Understanding Pattern Matching

Pattern matching in NeoHaskell is akin to a more powerful switch-case statement you might know from TypeScript, but with supercharged capabilities. You can match patterns against any value, as well as data types, such as enums and custom types, and execute code based on the structure of the data itself.

Pattern Matching with Integers

Pattern matching isn't just for complex types. Even with integers, a fundamental type, pattern matching can streamline your code. Let's explore how NeoHaskell handles this with a straightforward example.

Suppose you want to execute different code based on whether an integer is 0, 1, or any other number. Here's how you would use pattern matching for that:

describeNumber :: Int -> String
describeNumber n =
case n of
0 ->
"Zero, the absence of quantity."

1 ->
"One, the first natural number."

_ ->
"Some other number."

In the NeoHaskell snippet, describeNumber is a function that takes an integer and uses a case..of expression to match it against the patterns 0, 1, and _, which is a wildcard that matches any number not previously matched.

Advantages of Pattern Matching

  • Readability: It makes the different cases you're checking against explicit, improving readability.
  • Refactor Safety: The compiler will warn you if a new case is added to a data type but not handled in your pattern matches.

Remember, the power of pattern matching in functional programming is that it lets you work with the shape of your data, rather than just the values. Even with simple types like integers, it can make your code more expressive and intent-driven.

Pattern Matching with Enums

Let's put this into practice by matching against the LightbulbState enum we previously defined in the Enums section. Here's how you would use pattern matching to describe the state of a lightbulb:

describeLightbulb :: LightbulbState -> String
describeLightbulb state =
case state of
On ->
"The lightbulb is shining bright."

Off ->
"It's dark; the lightbulb is off."

Dealing with Complex Patterns

Pattern matching truly shines when you're dealing with complex data types that have attached values. Let's see how you can match and extract these values in a pattern. We'll use the Color type we defined in the Enums section.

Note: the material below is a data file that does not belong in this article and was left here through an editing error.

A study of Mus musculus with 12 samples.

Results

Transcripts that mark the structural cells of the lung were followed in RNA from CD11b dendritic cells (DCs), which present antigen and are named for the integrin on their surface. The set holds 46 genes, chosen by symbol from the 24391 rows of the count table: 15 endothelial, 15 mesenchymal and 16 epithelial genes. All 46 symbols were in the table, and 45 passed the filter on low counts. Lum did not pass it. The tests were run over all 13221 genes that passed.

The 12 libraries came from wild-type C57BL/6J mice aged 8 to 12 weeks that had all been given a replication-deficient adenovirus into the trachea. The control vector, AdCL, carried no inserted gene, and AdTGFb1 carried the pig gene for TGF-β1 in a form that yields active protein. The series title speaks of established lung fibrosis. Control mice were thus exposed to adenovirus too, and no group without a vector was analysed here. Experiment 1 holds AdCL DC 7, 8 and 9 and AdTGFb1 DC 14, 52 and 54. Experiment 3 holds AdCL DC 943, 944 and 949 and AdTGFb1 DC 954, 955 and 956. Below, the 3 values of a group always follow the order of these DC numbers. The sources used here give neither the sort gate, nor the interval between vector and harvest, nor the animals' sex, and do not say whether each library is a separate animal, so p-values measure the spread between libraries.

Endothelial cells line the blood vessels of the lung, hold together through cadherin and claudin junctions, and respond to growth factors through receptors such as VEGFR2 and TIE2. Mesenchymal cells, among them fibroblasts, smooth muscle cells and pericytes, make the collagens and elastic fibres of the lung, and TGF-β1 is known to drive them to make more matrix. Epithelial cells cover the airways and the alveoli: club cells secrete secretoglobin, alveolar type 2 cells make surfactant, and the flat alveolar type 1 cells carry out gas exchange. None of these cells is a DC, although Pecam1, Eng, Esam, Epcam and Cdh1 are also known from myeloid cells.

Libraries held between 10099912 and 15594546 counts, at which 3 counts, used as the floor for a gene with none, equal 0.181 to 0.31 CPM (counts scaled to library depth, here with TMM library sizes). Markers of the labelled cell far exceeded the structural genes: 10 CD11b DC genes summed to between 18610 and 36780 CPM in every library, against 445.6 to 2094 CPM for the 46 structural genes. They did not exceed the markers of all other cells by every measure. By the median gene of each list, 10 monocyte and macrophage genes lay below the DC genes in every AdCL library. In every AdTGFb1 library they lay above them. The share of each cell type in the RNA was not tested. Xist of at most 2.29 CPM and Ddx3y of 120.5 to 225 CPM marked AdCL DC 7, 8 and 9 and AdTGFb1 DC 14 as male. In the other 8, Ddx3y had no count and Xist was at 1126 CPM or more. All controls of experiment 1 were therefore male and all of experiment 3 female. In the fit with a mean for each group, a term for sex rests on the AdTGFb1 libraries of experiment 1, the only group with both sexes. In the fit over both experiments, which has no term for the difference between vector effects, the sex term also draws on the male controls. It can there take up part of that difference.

describeColor :: Color -> String
describeColor color =
case color of
-- This case only matches if it is an RGB with all 0s.
Rgb 0 0 0 ->
"This is actually black."

-- This case only matches if it is an RGB with all 255s.
Rgb 255 255 255 ->
"This is actually white."

-- This case matches any RGB with any values.
Rgb r g b ->
"A colorful RGB with red #{r}, green #{g}, and blue #{b}"

Grayscale intensity ->
"A grayscale color with intensity #{intensity}"

Hex code ->
"A hex color #{code}"

Best Practices and Pitfalls

  • Exhaustiveness: Always cover all cases in your pattern matches. NeoHaskell will fail to compile your code if any are missing, helping prevent runtime errors.
  • Wildcards: Use the wildcard _ pattern to catch all other cases that you haven't explicitly handled, although use it judiciously to not mask missing cases that should be handled explicitly.

Avoid overusing the wildcard pattern as it can hide potential match cases that should be explicitly handled, leading to unexpected behaviors.

As a best practice, it is always recommended to delete the wildcard pattern and handle all cases explicitly.

Conclusion and Next Steps

With pattern matching, you can write more expressive and safer code. It's a cornerstone of functional programming in NeoHaskell, allowing for clear and concise data manipulation. As you grow more comfortable with pattern matching, you'll begin to see its power in simplifying complex data operations.